Time To Sell?

Depending on Your Outlook, Letting Go Can Be the Right Move

October 12, 2000|JOSH FRIEDMAN | TIMES STAFF WRITER

You own tech stocks or tech mutual funds and all of a sudden, you're in a world of hurt. Is it time to sell?

It's a personal decision, of course, and, unfortunately, it isn't easy. You don't have an audience to ask, and you can call your dad, but what does he know?

If you're wrestling with the sell decision, which many investors consider the toughest decision of all, it might help to ask yourself these questions:

* Are you a short-term trader or a long-term investor? If you have a short-term horizon because you are a trader by nature--or perhaps because you plan to retire soon and start condo hunting in Palm Springs--it might indeed be time to cut your losses or preserve any profits you still have. And let's be clear: Investors who have been in tech stocks for several years probably still have huge paper profits.

With any individual stock or sector, a reversal of fortune can last for an excruciatingly long time. Lucent Technologies may be an example of that in spades: After beating profit estimates for 15 quarters in a row, the telecom equipment giant has now issued its third profit warning this year.

Lucent also is an example of why some investors sell at the first sign of trouble with any company, basing their decision on the so-called cockroach theory: Just as the sight of one of those filthy critters means others are probably lurking in the walls, one piece of bad news is often followed by many more.

But why sell Lucent now--with the stock down 75% from its peak? Won't it rebound?

Perhaps. But beware the I-Just-Want-to-Get-Back-to-Even Syndrome. If you bought a stock at $50 and it's now $30, it's easy to say, "I've lost 40%, I'm not selling now." But if it falls to $15, you will have lost 70%, at least on paper.

Moreover, at $15 the stock must rise 233% to get back to $50. A rise of 70% from $15 would only get you back to $25.50, barely half your cost.

Psychologically, it can be hard to admit your mistakes. But for investors with short-term horizons, acknowledging that you have picked a loser and moving on can save you a lot of pain--and avoid having capital tied up in dead-money stocks.

* Even if you consider yourself a long-term investor, what does that mean, exactly? If you're 28, you probably have the time and earnings power to recover from your investing mistakes--whether or not Lucent ever does.

Many market watchers expect the market to rally later this year, as is traditional in the fourth quarter--once we get past the seemingly standard October slump. So it could pay handsomely to have patience--or even to be a buyer here.

Indeed, as Baron Nathan Rothschild put it, "The time to buy is when the blood is running in the streets." (Then again, he never owned Lucent.)

But if you're 58 and "long term" means just a few years before you planned to cash in your tech stocks anyway, it might be time to start the process of better diversifying your portfolio.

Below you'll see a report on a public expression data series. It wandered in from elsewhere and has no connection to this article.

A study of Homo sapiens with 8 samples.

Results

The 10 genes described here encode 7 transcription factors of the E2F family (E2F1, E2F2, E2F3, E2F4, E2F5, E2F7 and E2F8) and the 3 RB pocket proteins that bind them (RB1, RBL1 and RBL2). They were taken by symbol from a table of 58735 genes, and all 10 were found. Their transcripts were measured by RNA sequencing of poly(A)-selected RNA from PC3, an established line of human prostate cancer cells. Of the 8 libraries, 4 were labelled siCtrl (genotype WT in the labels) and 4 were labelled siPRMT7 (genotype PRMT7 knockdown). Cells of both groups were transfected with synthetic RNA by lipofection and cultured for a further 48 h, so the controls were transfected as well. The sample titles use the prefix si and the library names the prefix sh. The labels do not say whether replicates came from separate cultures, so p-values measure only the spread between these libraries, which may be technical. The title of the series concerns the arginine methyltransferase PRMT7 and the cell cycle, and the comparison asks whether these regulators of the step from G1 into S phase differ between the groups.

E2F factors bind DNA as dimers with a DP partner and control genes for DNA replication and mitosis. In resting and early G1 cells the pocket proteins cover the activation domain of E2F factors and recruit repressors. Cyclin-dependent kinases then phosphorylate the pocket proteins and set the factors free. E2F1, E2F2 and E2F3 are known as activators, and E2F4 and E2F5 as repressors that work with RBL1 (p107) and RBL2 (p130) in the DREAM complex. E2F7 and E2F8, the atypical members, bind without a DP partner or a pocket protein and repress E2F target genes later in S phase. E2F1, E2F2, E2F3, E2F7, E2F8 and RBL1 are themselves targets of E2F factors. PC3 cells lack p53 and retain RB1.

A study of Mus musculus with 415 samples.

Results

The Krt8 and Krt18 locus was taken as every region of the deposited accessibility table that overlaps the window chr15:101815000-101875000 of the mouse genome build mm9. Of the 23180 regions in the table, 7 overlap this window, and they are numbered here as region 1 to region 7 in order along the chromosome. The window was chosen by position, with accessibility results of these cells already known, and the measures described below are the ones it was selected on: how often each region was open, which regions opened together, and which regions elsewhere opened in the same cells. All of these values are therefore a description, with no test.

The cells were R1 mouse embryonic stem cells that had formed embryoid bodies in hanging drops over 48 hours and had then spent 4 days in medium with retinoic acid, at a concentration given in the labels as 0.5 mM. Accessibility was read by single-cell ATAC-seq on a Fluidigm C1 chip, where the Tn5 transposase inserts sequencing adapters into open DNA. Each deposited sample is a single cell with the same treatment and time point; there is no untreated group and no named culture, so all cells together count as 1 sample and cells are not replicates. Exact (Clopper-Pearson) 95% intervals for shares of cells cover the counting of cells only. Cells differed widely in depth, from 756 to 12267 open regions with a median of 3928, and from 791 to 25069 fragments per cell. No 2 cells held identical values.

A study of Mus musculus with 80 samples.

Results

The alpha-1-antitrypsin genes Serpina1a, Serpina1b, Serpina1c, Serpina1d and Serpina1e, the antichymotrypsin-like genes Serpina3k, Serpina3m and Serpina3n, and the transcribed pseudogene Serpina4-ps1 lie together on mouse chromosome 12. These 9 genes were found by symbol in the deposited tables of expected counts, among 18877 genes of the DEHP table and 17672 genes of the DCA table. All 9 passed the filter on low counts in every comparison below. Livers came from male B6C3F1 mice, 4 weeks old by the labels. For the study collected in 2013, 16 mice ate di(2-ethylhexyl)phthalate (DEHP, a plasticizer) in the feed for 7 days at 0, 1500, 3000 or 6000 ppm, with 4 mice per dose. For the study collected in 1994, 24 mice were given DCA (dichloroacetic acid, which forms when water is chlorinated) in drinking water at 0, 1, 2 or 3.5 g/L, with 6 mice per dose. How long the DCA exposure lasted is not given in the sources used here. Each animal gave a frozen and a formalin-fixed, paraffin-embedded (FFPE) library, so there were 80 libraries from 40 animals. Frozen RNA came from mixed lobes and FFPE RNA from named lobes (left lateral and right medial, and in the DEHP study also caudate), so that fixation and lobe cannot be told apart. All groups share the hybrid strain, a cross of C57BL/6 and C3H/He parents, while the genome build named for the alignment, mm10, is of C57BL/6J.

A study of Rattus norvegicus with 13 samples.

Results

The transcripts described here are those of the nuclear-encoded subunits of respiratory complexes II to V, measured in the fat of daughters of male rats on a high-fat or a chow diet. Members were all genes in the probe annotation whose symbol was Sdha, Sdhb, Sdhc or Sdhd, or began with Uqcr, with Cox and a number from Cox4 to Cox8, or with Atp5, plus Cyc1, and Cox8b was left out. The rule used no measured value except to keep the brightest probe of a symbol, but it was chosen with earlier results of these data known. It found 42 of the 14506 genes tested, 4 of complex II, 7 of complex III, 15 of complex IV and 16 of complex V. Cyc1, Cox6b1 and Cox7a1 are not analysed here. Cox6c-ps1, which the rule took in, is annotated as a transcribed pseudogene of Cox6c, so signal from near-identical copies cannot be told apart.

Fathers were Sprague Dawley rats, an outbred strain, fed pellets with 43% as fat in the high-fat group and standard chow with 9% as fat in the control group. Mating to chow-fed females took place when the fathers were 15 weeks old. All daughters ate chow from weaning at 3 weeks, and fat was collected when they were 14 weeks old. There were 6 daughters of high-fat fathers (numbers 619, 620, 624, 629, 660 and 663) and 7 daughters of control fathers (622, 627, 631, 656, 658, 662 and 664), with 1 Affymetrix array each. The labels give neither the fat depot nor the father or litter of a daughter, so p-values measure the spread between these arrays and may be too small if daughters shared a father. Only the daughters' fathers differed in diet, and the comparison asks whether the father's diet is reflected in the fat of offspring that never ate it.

After all, if you were unlucky enough to buy at certain market peaks in the 20th century, you could have spent 20 years waiting just to get even.

You don't have to sell everything now, and you probably shouldn't. But if you need to lower your portfolio's risk level, starting the process--and committing yourself to selling more stock if prices indeed rebound in the months ahead--could well serve your long-term financial goals.

* How strong is your stomach? If you believe in a buy-and-hold strategy in theory but tremble every time you click on CNBC these days, you might need to rethink your portfolio--especially if it's heavy in tech shares.

With a mix of different types of stocks--small and big, value and growth, domestic and foreign--you might never be able to brag about beating the market, but you will probably sleep better. And that's worth a lot.

* Has your opinion of a particular company changed? If you bought Lucent, for example, mainly because of its earnings consistency, that rationale has been destroyed.

One portfolio manager spoke for a lot of Lucent investors when he told Bloomberg News on Wednesday, "It's time to take my losses and head to other grounds. How many times are we going to have bad news?"

If you believe the Wall Street analysts who say Nortel Networks now has a big competitive edge over Lucent, trading Lucent for Nortel might be the smart move.

However, you might still believe Deborah Hopkins, Lucent's chief financial officer, when she says, "Our problems have been identified and they are very fixable. I believe we are sitting on a gold mine."

Motorola, for its part, has recovered from many stumbles during its long history. Indeed, the company reinvented itself several times in the last century as new technologies emerged. If you think it will do it again, why listen to the naysayers and sell?

If you decide to hold on to a troubled stock, you don't have to be passive. Remember: You own the company (one-bazillionth of it, anyway). Many Lucent holders, for instance, are urging the board to fire Chief Executive Rich McGinn.

* Are there good tax-related reasons for you to sell? If you have realized capital gains this year or anticipate them, it could pay to sell some of your losers to offset those gains.

Under IRS "wash sale" rules, you can sell to take a tax loss, then buy the stock back 31 days later without getting penalized.

* Are you worried about the economy? The big picture is an issue here: If the falling market is telling us that a recession is coming, liquidating some of your stocks and moving into cash could turn out to be a very savvy move.

The market isn't always so predictive, of course. But if it is foretelling a recession, many stocks could fall far lower than they are today.